50 years after assassination, King’s vision is still dream

On today’s 50th anniversary of the tragic assassination of the Rev. Dr. Martin Luther King Jr., the visionary dream of the 20th-century’s leading civil-rights champion for a color-blind America remains very much a work in progress.

A passing glance at the results of a poll released a few days ago by the Associated Press poignantly hammers home that point.

In that survey of the racial attitudes of 1,337 adults representative of the U.S. population, the findings are at once enlightening and disheartening. Among the most astonishing conclusions are these:

Only 8 percent of blacks believe much progress has been made in securing equal economic opportunities since King’s untimely death on the balcony of the Lorraine Motel in Memphis, Tenn., on April 4, 1968.

Only 5 percent of African-Americans believe progress has been achieved in police treatment of black suspects.

And only 6 percent of U.S. blacks believe the criminal justice system has made significant strides in fair and equitable treatment of African-Americans.

Unfortunately, those bleak perceptions are supported by real-life trends.

According to data from the Bureau of Labor Statistics, economic inequality festers. The ratio of white-to-black workers in high-paying jobs is about 10 to 1 in management, 8 to 1 in computers, 12 to 1 in law and 7 to1 in education.

The picture is not any prettier when looking at police brutality in African-American communities, a prime target of Dr. King’s mission.

A recent Stanford University study concluded that black drivers are far more likely to be stopped, ticketed, searched and arrested than whites. And highly publicized shootings of young unarmed black men by police continue to rile the nation. Just last month, unarmed 22-year-old Stephon Clark was shot and killed in a fusillade of bullets by two Sacramento, Calif., officers. Clearly, equality for all eludes many in black America in 2018.


As former U.S. Attorney General Eric Holder told a gathering at the National Civil Rights Museum earlier this week, “We’re still marching, we are still striving, and we’re still calling on our nation’s leaders to act with a sense of justice, compassion and common humanity.

“The unfortunate fact is that in 2018, America’s long struggle to overcome injustice, to eliminate disparities and eradicate violence has not yet ended, and the age of bullies and bigots is not fully behind us.”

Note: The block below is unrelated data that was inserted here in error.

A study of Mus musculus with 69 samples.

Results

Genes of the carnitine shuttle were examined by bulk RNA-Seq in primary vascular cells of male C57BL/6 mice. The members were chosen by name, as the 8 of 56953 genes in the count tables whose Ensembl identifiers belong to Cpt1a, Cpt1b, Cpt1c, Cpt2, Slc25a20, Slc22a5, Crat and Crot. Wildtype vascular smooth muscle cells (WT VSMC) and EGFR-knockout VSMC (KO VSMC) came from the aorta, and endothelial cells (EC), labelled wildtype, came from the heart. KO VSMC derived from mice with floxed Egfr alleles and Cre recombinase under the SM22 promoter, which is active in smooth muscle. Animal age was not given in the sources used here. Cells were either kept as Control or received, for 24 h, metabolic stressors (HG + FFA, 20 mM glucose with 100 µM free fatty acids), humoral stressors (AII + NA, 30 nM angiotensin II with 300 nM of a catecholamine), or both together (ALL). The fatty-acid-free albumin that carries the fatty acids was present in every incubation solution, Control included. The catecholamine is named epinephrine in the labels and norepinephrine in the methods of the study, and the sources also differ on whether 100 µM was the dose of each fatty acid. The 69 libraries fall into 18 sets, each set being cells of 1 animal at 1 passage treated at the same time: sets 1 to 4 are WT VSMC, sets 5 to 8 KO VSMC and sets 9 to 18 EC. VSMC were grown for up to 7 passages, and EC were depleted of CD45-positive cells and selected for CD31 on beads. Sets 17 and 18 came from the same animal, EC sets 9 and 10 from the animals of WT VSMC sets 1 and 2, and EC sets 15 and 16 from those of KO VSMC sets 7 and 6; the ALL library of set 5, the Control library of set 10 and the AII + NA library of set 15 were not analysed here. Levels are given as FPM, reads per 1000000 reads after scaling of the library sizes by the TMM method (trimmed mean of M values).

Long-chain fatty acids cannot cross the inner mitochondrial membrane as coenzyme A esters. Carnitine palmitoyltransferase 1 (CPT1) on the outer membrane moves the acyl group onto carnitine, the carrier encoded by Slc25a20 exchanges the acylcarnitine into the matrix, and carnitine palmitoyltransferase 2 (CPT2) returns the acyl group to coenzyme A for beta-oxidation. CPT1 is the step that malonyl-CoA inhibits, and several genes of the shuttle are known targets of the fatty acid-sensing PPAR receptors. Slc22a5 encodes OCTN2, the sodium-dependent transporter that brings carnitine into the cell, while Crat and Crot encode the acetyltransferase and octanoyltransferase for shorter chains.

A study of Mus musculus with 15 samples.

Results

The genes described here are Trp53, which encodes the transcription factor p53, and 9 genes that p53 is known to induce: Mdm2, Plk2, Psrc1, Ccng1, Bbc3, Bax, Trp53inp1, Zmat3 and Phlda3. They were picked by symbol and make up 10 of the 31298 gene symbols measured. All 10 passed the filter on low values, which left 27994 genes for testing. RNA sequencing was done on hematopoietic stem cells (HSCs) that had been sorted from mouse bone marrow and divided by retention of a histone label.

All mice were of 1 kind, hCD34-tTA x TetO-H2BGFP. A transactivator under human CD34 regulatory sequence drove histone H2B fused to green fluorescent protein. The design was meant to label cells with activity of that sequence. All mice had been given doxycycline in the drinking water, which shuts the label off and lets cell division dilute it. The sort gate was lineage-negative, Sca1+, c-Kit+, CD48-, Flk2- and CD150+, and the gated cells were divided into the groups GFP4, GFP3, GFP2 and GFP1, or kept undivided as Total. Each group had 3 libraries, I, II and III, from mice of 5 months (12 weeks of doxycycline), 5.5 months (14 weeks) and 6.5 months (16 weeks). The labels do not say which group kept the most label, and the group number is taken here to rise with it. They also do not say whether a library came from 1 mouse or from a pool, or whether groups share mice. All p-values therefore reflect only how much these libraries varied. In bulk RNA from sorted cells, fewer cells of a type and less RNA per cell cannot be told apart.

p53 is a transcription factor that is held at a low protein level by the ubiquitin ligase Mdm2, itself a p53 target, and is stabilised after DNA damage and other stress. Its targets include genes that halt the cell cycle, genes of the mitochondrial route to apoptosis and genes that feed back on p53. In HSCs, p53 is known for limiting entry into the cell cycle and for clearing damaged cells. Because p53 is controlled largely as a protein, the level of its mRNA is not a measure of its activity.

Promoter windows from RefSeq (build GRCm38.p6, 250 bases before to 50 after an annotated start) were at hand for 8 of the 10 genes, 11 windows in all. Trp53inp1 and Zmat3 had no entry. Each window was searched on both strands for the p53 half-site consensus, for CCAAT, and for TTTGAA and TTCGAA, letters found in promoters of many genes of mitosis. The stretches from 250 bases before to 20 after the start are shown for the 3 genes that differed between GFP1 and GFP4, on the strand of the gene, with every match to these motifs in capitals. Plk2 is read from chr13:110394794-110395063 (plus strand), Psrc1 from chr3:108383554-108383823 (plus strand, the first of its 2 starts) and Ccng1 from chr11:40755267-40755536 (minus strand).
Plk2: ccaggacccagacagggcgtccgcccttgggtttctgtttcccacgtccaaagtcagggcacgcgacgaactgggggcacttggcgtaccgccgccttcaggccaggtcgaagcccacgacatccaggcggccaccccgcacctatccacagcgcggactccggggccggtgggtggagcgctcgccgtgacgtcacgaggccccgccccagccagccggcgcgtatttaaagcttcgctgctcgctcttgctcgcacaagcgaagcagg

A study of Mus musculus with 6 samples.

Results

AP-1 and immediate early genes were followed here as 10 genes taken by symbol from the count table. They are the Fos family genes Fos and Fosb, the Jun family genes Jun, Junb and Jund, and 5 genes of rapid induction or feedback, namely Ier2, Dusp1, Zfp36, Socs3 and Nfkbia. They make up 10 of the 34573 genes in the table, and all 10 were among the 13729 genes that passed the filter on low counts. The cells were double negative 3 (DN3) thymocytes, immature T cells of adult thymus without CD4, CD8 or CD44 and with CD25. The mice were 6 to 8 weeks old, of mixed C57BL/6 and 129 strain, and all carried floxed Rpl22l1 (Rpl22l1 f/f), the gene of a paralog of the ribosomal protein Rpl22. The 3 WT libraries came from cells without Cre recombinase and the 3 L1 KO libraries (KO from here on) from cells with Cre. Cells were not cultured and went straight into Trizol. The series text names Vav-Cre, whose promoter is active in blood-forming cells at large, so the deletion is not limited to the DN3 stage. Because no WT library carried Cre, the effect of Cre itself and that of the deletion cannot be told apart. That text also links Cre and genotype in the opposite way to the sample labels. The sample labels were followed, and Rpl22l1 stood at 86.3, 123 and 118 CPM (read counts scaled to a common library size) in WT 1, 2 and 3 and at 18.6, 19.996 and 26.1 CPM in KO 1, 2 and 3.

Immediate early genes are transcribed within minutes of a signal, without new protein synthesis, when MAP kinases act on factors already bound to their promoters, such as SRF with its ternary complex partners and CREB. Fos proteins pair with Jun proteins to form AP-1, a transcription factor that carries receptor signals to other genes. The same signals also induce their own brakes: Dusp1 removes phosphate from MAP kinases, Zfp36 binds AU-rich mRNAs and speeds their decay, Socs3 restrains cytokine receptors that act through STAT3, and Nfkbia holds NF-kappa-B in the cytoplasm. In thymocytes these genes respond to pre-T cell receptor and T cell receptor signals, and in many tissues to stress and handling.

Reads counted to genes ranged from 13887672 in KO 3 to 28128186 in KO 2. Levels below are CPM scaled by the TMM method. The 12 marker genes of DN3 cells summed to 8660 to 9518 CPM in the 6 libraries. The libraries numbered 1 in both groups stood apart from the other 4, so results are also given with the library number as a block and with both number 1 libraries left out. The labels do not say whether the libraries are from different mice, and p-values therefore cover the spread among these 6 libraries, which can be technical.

Holder, himself an African-American, served as the nation’s top law-enforcement officer in the administration of President Barack Obama, the first black chief executive of this nation.

Many had great hopes that the election of Obama would usher in a progressive “post-racial” era in American life. Cold, hard and racially-tinged realities epitomized by a movement questioning the president’s citizenship and his legitimacy as the nation’s president dashed those hopes quickly.

And in the 15 months since Obama left office, those “bullies and bigots” of which Holder spoke have seemingly gained a stronger foothold in the White House.

One need only harken back to last summer, when President Donald J. Trump suggested moral equivalence between the Ku Klux Klan and anti-racism protesters in Charlottesville, Va. Earlier this year, Trump used a vile expletive in describing African nations.

It seems clear then that as a nation, we cannot look toward the White House for leadership in closing the pervasive and pernicious racial divide in this country.

Instead, those seeking to improve race relations will need to take other avenues and look inward. That effort can take strong root in local communities.

Religious and social leaders in the mold of King can make renewed commitments to battle hatred and prejudice.

Educational leaders can double down to recruit more blacks and minorities into learning programs that can help narrow the economic gap.

Police can undergo specialized training to better protect the black community.

One thing is clear, however. After 50 years of civil-rights activism in the aftermath of the golden era of MLK, our nation remains deeply divided and troubled.

Moving forward, we can best pay tribute to the legacy of Dr. King by acting constructively to inch closer and closer to eventual realization of his lofty but attainable dream of racial harmony.